Eye Exercises To Improve Reading

Eye Exercises To Improve Reading

The reading process is a complex skill that requires many visual skills, visual memory and concentration. Accurate eye movements can help or interfere with a child’s ability to read.

We can’t escape modern technology and today’s indoor lifestyle and the increased use of digital screens has resulted in visual skill deficits in many children. 

How do I know my child has poor eye movement skills?

  • A child moves their head excessively when reading.
  • Skipping lines frequently when reading.
  • Omitting words frequently when reading.
  • Prefers to read with finger or marker.
  • Poor comprehension.
  • Avoids reading.

Eye movements can be improved with the following visual activities:

Thumb rotations

  • Stand or sit in a balanced and relaxed position.
  • Hold out your hand with the elbow slightly bent, finger gently clenched, thumb erect upward.
  • Look at the thumbnail with both eyes open.
  • Rotate your arm smoothly in a big clockwise direction and have your eyes follow by looking at your thumbnail.
  • Repeat in an anti-clockwise direction.

Frisbee game

  • Instruct your child to hold a Frisbee with both hands. Place a marble inside the Frisbee and let your child move it at a reasonable speed in a circle.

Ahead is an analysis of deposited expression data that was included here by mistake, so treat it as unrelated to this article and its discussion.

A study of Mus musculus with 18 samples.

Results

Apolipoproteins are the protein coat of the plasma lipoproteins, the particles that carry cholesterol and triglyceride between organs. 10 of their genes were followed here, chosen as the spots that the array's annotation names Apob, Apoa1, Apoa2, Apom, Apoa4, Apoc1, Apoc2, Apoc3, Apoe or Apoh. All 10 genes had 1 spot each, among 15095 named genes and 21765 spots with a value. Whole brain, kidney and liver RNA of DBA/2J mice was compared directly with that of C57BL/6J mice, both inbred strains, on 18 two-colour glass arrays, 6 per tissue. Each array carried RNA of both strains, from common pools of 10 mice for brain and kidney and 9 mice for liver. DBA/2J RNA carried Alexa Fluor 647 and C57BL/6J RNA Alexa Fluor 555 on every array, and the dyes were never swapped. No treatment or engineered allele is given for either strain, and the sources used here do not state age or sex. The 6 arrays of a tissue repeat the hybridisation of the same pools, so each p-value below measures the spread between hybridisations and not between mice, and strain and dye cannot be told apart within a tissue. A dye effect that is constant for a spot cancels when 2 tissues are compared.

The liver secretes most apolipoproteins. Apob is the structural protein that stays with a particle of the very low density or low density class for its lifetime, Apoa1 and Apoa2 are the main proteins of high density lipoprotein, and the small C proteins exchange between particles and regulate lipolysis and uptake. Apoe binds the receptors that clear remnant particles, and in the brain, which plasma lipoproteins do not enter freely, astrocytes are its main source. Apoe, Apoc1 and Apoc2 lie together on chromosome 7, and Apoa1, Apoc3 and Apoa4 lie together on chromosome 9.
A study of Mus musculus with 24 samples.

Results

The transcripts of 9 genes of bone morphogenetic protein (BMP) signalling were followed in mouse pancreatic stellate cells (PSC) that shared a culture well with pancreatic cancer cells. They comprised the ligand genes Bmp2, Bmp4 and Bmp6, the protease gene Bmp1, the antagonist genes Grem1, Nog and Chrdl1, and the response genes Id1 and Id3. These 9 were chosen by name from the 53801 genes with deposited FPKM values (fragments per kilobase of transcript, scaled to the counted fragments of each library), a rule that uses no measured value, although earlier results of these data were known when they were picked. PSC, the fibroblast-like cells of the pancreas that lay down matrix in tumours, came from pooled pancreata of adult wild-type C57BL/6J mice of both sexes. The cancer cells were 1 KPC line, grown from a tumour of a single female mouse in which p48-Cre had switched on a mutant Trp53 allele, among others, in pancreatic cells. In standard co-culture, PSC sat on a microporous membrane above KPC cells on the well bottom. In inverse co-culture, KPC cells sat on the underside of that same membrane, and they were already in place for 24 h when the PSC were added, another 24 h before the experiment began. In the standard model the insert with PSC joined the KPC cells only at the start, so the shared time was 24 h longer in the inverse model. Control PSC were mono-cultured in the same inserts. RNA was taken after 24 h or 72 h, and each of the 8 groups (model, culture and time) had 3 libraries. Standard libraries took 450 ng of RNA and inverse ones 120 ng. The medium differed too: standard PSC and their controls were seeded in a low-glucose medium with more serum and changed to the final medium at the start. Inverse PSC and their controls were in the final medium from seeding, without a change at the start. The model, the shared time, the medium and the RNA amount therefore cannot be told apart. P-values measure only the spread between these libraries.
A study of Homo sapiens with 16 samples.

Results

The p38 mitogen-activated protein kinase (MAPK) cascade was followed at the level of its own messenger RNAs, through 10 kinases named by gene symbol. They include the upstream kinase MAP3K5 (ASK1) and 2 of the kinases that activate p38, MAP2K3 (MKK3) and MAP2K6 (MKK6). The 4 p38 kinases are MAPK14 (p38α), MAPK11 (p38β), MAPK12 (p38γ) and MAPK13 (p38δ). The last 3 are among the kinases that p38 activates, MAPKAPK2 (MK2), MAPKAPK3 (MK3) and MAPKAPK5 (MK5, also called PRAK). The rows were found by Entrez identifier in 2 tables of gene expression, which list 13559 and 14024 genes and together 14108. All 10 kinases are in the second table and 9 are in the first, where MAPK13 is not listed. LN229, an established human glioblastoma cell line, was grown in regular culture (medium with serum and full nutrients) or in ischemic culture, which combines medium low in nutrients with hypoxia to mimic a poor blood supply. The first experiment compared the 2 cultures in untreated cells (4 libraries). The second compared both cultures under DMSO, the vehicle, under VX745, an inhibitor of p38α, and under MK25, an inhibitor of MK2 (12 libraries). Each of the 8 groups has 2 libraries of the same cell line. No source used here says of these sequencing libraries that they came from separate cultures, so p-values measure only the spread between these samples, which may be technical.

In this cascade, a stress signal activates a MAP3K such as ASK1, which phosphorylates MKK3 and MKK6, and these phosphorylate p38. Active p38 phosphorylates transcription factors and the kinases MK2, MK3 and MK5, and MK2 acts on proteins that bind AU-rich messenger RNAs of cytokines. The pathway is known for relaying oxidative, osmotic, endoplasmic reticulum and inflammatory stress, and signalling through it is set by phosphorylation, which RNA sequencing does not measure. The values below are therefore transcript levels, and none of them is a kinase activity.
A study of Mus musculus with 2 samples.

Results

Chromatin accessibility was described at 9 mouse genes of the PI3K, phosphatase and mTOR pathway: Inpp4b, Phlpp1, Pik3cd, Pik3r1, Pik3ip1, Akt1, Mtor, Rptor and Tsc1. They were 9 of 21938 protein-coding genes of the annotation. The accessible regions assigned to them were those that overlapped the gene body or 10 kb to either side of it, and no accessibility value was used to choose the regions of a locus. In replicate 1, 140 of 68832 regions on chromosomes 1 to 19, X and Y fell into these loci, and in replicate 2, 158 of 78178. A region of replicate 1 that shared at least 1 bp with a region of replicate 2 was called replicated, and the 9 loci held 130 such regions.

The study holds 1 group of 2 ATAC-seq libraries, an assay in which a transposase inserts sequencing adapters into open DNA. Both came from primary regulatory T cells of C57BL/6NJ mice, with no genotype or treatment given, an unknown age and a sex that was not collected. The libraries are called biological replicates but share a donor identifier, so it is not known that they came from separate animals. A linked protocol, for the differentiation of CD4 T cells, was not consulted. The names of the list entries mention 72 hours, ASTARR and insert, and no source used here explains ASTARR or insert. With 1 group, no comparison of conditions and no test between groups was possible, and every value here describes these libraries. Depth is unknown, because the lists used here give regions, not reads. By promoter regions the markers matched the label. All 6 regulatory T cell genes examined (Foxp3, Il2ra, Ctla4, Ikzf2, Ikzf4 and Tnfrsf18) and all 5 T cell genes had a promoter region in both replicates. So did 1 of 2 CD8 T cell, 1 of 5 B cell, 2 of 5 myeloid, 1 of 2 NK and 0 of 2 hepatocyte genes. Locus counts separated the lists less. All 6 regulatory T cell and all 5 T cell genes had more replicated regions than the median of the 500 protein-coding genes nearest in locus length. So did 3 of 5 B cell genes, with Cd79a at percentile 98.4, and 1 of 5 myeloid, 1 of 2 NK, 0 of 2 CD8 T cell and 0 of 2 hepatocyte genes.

• If this is too difficult, you can turn the Frisbee so that the marble moves smoothly in a circle.
  • The child follows the marble with his/her eyes.
  • Discourage head movements.

Magazine exercise

  • Instruct your child to look at a page a magazine in front of them. Choose a page with a lot of text.
  • Start at the top row on the left. The child must scan the lines from left to right, trying to find and circle as many words as you can that start with “ b” .
  • Remind your child to keep their head still, only the eyes should move. 
  • When you have done that, repeat with other letters i.e. d, p, q, etc.

First & Last

  • Instruct your child to hold any reading material comfortably in both hands or place flat on the desk.
  • Starting at the upper left corner, read the first and the last letter of each line.
  • Repeat this by reading the first and the last word.
  • Try this aloud and silently.
  • Vary the procedure by moving the book in various patterns (circles, diagonals, in and out).
  • Increase the difficulty by reading to the rhythm of clapping hands or a metronome.

Other Fun Activities

  • Outdoor ball activities are excellent for the development of visual skills. 
  • Word searches and “Where’s Wally” books encourage tracking and are a fun way to encourage the love of books. 

You might want to read more about eye exams for children.